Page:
Shadowing Program Demystifies Film Industry
Communication students spent spring break exploring careers in film
By Julia MacIntyre '21
Now in its fourteenth year, Santa Clara University’s Communication Department Shadowing Program continues to demystify the process of working in film, television, and music for SCU students.
During spring break every year, Professor Michael Whalen (Communication) has traveled to LA with students interested in the entertainment industry to network and meet with professionals in the field. Students have the opportunity to meet with HR and internship representatives at large agencies like Paramount or Disney, connect with recent SCU graduates to understand their experiences finding work in the industry, and attend rotating panels made up of industry professionals, which allow students to mingle and make connections. To close the event, Whalen hosts a mixer for students and alumni to reconvene and socialize outside of a traditional office space.
Prior to participating in the program, Aria Berluti ‘19 (Psychology and Communication) was under the impression that the film industry’s expectation was solely to take on roles of director, actor, or producer. “It was very eye opening to me and helped me hone in on certain career paths that I had never thought of before.”
While the program is typically held in LA, this year the Communication department tested the waters in San Francisco and Oakland, where students met with industry professionals and groups and attended an event with Google to learn about corporate film. Though the location has changed, the objectives have not, as Prof. Whalen emphasizes that “the biggest value is networking. The film and television industry works on networking, [and] the shadowing program provides the first couple steps to succeed. Rather than just being one of thousands, there’s a face to the name.”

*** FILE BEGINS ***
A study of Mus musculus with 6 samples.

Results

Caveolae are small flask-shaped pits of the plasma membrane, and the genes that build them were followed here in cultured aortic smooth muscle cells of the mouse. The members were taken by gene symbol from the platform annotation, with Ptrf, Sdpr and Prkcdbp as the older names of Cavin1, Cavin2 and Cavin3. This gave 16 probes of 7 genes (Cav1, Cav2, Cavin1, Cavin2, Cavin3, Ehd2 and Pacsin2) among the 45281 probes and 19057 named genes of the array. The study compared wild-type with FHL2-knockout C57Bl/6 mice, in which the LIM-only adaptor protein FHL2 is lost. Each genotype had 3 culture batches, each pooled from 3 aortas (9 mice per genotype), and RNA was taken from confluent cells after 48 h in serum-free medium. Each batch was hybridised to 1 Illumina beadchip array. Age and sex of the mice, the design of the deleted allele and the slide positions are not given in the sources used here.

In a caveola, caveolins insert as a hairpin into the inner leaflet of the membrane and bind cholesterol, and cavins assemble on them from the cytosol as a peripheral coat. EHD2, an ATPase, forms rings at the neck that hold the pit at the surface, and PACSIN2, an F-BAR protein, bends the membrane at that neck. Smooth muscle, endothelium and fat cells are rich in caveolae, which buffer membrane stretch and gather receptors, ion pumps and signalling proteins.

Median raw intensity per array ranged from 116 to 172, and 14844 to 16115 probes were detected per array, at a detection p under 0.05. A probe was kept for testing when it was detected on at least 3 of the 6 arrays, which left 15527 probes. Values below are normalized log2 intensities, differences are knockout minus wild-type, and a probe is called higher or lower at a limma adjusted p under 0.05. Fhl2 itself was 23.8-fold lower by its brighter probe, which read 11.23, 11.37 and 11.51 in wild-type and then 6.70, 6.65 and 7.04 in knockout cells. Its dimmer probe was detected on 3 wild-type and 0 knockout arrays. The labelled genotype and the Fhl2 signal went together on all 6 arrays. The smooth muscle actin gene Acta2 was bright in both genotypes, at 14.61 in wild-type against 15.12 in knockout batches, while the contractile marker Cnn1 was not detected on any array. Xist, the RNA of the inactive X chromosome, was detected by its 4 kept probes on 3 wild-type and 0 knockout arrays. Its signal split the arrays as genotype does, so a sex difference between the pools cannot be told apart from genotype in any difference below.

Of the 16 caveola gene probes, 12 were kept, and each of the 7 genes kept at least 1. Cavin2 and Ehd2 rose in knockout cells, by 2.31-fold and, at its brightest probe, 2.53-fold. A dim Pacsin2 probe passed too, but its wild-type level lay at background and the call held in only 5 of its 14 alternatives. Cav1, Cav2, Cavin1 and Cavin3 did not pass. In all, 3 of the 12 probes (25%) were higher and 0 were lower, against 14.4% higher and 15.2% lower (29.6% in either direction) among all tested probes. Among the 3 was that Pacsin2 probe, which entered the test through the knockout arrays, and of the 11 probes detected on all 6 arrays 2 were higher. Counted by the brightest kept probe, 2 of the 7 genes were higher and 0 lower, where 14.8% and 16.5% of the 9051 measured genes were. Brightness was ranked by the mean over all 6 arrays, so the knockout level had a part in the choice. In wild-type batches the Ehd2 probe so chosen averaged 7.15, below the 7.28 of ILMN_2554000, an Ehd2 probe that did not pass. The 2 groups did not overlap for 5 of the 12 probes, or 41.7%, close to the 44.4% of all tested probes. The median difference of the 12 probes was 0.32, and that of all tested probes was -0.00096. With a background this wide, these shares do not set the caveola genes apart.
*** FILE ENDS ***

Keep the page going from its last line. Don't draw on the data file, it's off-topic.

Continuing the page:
Katrina Rudd ‘20 (Communication with Digital Filmmaking emphasis) noted that the opportunity to talk with such a variety of local professionals—from those participating in corporate film at Google to independent filmmakers in both documentary and fiction production—as well as major film festival programmers, provided her the opportunity to get face time with people she never would have had access to otherwise. “I now feel much more confident about what I want to focus on moving forward because of my experience on this trip.” In regards to other SCU students interested in exploring the digital media production industry, she says she highly recommends capitalizing on the program, “it is a great way to learn about the options out there and to make connections with professionals in the Bay Area.”